The Polymer Technology Group, Inc. develops new surface technologies with the use of Sum-Frequency Generation (SFG) analysis. SFG is a sophisticated, non-destructive laser technique to study polymer surfaces. This highly-sensitive method possesses several unique advantages to conventional surface analysis techniques, including:
Biocompatible surfaces are essential to the success of a continuously-increasing number of polymer applications in the biomedical field. Surface chemistry controls numerous chemical and physiological properties of a polymer, including thromboresistance, biostability, lubricity, permeability, and abrasion resistance. Surface-modified polymers need to be well characterized in order to correlate the surface chemistry to the biofunctionality of the application.
Historically, it has been a challenge to obtain such detailed information about surface structure due to the lack of probe techniques that are sensitive to molecular features, such as conformational sequences and hydrogen bonding. Various spectroscopic techniques-reflection infrared spectroscopy, attenuated total reflection infrared spectroscopy, and Raman spectroscopy-have been used to characterize polymer surfaces; however, these methods lack surface specificity, and the resulting spectra are often obscured by the bulk concentration. Surface-sensitive techniques, such as contact angle measurement, neutron reflection, and X-ray photoelectron spectroscopy (XPS) often do not provide structural information, and/or do not allow in situ measurement. (Table 1)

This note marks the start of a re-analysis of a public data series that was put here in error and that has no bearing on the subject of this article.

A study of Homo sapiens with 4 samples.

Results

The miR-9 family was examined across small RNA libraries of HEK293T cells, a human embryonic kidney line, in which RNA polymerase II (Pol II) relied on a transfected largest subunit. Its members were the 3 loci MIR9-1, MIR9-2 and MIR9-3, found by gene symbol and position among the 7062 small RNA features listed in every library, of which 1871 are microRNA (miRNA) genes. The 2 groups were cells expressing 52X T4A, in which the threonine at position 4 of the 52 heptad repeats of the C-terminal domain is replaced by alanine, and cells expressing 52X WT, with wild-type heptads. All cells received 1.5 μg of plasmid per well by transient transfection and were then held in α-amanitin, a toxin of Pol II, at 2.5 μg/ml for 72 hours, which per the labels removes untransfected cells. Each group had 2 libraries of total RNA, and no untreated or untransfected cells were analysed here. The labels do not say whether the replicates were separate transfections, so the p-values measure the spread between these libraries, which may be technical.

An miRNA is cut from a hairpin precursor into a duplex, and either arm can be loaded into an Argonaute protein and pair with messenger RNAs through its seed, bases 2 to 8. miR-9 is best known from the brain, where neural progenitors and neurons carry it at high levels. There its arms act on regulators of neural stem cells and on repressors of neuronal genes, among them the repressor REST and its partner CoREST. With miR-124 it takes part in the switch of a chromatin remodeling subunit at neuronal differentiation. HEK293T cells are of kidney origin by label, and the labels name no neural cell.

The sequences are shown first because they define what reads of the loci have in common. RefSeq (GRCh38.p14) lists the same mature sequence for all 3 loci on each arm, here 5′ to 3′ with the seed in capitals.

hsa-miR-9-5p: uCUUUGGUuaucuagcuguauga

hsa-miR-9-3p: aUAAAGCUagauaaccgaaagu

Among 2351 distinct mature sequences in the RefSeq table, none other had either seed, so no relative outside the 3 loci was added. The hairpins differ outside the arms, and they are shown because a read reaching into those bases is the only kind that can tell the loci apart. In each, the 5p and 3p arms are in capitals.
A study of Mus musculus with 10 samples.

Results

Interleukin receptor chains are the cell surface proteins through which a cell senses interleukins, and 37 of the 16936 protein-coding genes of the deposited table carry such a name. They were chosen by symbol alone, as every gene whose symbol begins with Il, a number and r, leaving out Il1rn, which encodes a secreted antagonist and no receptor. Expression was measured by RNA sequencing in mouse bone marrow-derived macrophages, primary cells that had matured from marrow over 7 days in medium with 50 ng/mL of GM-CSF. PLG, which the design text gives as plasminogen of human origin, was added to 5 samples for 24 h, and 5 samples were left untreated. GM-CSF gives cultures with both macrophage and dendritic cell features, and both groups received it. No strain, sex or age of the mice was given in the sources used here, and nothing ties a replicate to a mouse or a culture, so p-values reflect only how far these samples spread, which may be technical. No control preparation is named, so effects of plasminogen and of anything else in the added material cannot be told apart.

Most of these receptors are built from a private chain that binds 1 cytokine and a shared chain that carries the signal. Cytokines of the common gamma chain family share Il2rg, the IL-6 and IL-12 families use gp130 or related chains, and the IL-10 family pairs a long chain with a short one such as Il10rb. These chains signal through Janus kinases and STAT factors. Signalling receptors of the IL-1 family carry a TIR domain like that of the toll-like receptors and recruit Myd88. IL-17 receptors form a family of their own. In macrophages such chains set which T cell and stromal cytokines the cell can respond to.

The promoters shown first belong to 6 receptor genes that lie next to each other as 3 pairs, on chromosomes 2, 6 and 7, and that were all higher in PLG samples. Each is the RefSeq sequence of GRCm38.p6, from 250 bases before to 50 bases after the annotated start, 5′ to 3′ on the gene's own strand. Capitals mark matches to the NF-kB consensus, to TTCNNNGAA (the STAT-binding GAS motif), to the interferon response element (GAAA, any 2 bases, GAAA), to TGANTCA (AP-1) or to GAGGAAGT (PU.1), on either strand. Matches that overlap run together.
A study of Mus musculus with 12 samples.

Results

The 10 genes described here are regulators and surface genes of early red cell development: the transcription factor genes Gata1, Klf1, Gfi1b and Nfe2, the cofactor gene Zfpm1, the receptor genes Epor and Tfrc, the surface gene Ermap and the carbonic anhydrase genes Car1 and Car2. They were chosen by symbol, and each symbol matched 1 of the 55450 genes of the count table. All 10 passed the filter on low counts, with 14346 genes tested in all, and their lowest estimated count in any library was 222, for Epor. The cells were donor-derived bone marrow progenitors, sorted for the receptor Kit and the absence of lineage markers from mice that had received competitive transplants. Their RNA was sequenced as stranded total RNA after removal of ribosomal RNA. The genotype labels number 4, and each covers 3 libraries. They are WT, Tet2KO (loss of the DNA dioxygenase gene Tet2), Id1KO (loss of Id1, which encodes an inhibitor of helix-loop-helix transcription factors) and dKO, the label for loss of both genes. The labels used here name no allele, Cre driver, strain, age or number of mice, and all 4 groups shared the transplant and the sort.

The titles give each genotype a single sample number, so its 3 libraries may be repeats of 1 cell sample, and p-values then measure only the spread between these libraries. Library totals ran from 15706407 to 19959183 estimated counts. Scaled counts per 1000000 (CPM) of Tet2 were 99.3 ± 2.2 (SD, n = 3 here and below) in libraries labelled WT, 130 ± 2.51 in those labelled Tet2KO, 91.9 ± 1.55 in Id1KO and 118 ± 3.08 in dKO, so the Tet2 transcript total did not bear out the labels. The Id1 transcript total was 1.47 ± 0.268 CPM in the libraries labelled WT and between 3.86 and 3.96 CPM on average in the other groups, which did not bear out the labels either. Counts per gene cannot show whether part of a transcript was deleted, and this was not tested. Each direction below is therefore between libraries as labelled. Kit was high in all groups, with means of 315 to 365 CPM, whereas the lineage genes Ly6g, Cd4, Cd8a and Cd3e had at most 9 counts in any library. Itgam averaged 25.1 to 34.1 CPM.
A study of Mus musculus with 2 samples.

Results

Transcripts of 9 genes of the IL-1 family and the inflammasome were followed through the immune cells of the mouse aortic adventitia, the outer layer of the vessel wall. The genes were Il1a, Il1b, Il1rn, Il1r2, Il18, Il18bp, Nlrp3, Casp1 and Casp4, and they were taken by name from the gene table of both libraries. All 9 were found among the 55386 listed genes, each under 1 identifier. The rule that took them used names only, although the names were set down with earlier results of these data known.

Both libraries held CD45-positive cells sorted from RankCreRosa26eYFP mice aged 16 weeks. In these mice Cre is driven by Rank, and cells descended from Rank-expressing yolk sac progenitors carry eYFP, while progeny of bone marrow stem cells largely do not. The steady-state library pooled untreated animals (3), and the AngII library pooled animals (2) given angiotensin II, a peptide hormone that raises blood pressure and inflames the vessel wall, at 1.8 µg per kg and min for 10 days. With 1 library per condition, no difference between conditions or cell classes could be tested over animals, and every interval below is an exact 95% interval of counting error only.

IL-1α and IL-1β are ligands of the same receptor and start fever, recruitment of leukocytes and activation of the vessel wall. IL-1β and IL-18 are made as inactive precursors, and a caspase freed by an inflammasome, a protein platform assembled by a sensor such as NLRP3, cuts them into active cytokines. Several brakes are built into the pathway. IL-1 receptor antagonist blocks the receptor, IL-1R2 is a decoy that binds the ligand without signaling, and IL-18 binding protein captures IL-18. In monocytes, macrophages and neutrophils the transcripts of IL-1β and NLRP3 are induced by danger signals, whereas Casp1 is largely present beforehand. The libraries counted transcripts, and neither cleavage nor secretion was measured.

Table 1. Comparison of SFG to other conventional surface analysis techniques
To address this problem, physicists at the University of California at Berkeley recently developed a surface-specific analytical technique with monolayer sensitivity, and have successfully applied it to various kinds of surfaces and interfaces. Through IR and visible sum-frequency generation spectroscopy, they created a powerful and versatile in situ surface probe that not only permits identification of surface molecular species, but also provides information about orientation of functional groups at the surface. SFG has all the common advantages of laser techniques; specifically, it is nondestructive, highly sensitive, and has good spatial, temporal, and spectral resolution. Because the technique works in real time under water and protein solutions (and, theoretically, under blood) it is very well suited for studying biomaterials.